We Quit Our Jobs to Build a Cabin—Everything Went Wrong
And it was awesome
A lot more lumber would end up in the woods. We screwed up countless times from morning to evening, wasting precious daylight hours. Constructing a cabin was a task that one might say we were “not entirely prepared for.” Sometimes, during those months of toil, our anger burned so intensely that we thought the boards we threw into the woods might never land. They’d just keep flying, the wood breaking down over time and separating into smaller and smaller pieces until they vanished, as our brains exploded from frustration and worry.
In reality, the whole project was borne out of frustration. A few months earlier, Pat and I had what were arguably good careers: I was a reporter at a national magazine in San Francisco, and Pat was a copywriter at a tech company in Seattle. We were lucky enough to have good bosses and colleagues who had become friends. But we were deskbound and felt caged by the typing, phone calls, Slack chats, and emails, all performed under the hum of fluorescent lights. We were overwhelmed by the uniformity of it all and troubled that we seemed incapable of finding contentment in jobs that many of our coworkers appeared to cherish. Sometimes we hoped for an excuse to quit—a blowup after a failed project or an absurd request from a boss.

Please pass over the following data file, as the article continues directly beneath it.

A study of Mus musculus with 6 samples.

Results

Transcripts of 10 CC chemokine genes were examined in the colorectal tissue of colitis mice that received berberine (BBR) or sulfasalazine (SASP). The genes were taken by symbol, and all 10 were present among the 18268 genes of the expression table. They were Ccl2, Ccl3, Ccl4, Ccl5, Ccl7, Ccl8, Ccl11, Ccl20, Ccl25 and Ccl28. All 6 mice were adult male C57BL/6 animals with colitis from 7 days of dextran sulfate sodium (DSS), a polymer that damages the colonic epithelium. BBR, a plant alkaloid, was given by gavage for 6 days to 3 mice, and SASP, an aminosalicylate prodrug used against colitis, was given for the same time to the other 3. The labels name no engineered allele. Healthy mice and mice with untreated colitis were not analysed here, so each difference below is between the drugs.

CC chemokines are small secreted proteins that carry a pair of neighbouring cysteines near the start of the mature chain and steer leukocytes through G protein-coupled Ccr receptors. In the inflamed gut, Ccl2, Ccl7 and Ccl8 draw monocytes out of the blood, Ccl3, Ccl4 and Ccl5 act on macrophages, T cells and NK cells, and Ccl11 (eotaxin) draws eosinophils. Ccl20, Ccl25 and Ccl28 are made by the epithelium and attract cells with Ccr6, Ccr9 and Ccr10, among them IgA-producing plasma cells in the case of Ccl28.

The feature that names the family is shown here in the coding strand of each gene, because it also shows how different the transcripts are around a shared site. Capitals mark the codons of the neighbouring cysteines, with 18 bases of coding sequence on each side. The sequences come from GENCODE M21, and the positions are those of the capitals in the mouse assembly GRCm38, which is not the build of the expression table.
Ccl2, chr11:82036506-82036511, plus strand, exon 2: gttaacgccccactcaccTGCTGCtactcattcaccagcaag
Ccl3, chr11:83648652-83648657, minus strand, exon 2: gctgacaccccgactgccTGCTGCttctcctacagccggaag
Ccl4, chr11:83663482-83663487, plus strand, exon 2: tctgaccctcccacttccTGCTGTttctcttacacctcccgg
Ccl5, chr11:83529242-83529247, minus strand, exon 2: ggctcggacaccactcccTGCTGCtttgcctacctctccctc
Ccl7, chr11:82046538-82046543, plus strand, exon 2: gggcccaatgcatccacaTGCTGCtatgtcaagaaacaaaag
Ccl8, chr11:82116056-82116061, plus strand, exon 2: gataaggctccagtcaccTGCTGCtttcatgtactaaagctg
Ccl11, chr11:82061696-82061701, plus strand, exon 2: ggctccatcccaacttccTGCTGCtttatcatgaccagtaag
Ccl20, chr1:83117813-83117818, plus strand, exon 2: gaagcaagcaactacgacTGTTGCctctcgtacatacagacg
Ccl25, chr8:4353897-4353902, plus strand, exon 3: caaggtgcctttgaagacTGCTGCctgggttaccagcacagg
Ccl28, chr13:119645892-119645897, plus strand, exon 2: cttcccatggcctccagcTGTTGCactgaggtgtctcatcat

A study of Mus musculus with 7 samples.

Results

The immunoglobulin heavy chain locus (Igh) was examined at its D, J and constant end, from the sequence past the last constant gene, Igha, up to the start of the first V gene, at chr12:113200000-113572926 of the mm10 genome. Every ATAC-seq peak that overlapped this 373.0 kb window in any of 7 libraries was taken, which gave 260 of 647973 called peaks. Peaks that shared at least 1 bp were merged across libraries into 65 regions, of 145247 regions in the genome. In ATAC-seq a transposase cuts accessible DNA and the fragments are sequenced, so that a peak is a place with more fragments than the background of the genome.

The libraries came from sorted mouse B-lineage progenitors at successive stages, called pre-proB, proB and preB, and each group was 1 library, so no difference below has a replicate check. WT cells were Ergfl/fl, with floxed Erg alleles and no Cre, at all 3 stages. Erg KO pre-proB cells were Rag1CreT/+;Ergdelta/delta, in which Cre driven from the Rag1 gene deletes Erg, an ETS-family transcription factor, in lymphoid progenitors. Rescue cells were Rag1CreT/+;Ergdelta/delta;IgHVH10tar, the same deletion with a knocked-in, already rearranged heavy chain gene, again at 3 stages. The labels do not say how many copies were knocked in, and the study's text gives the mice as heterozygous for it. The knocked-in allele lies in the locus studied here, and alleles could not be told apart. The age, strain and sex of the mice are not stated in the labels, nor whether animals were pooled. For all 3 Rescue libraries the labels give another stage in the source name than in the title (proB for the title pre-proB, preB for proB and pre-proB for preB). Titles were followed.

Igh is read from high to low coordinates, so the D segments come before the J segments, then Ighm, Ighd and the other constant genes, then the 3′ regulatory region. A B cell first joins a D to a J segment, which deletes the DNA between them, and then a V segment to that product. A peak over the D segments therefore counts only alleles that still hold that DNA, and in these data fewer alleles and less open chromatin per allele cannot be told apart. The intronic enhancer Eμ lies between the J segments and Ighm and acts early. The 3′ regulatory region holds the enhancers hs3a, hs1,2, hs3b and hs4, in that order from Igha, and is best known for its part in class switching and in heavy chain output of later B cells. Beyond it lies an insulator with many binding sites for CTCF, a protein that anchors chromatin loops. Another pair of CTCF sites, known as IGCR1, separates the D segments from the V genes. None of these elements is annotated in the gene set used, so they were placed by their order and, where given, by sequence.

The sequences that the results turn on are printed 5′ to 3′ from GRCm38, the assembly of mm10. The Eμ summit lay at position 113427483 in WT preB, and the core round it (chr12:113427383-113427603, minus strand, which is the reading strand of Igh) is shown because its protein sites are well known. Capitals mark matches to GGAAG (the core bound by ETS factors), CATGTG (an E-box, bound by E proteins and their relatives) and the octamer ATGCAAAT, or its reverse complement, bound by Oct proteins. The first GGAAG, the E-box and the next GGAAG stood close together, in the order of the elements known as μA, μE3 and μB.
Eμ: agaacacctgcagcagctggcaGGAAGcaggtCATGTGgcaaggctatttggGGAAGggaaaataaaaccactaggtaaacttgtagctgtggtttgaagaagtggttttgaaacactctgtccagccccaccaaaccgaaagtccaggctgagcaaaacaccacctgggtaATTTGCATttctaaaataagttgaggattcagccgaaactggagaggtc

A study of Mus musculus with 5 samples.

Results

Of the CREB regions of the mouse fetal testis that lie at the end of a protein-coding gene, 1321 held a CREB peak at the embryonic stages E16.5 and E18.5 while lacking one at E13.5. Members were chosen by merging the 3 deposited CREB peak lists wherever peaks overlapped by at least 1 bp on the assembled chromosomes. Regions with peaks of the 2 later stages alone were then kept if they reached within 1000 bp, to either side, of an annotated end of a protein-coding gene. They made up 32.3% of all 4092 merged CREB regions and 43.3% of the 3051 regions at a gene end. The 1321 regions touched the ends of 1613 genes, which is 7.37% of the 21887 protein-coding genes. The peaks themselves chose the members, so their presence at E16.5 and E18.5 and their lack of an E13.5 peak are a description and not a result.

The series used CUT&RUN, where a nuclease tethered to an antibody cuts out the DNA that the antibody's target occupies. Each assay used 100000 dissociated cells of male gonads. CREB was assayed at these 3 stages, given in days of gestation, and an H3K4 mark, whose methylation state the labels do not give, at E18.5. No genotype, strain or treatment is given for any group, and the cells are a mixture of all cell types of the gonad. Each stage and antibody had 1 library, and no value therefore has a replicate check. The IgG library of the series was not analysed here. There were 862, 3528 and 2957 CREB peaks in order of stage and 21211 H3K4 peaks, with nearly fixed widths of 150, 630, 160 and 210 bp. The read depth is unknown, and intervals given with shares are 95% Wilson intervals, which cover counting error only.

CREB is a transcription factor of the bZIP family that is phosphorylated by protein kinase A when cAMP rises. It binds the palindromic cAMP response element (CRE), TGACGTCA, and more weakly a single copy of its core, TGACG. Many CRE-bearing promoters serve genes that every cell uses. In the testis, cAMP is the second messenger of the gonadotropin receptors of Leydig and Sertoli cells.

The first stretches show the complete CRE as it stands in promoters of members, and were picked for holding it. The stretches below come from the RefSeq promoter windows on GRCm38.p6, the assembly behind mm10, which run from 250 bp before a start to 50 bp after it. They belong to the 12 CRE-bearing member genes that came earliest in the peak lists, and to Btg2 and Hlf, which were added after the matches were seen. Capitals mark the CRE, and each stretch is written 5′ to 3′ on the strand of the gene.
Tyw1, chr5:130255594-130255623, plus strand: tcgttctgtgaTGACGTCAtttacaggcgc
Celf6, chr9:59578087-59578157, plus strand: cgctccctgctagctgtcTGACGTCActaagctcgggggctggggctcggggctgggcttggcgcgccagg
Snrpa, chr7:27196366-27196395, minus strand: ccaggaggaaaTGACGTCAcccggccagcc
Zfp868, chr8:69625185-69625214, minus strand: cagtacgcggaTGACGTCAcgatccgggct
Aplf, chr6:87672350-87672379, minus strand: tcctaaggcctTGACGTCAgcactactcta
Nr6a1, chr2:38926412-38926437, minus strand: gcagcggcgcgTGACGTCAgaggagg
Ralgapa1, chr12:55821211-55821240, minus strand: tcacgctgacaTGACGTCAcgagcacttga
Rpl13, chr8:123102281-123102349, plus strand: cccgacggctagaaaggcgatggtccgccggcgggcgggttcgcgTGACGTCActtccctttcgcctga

We knew we were fortunate to have good jobs—and this was well before our country was facing a pandemic and massive unemployment—but we were facing the existential crisis that comes from spending your days doing something you don’t enjoy and wondering if this is how the next five, ten, 20 years will play out. We were in our thirties, young, but not so young. We’d seen the articles linking sedentary lifestyles to heart disease, diabetes, cancer, and misery. We wanted to get out of our respective offices and try something different.
We knew how insufferable it would sound: a couple of discontented millennials deciding to leave stable jobs to do “something more meaningful.” People would think we were a couple of wannabe Foster Huntington dropouts. But being a trope and being free seemed better than being trapped inside for the better part of our thirties.
For the past five years, we’d joked about various alternatives to our day jobs: scuba dive instructor, skydiving teacher, maybe own a cool hookah café with live music. But one option didn’t seem as ridiculous as the others: leaving our desks to build a cabin from scratch.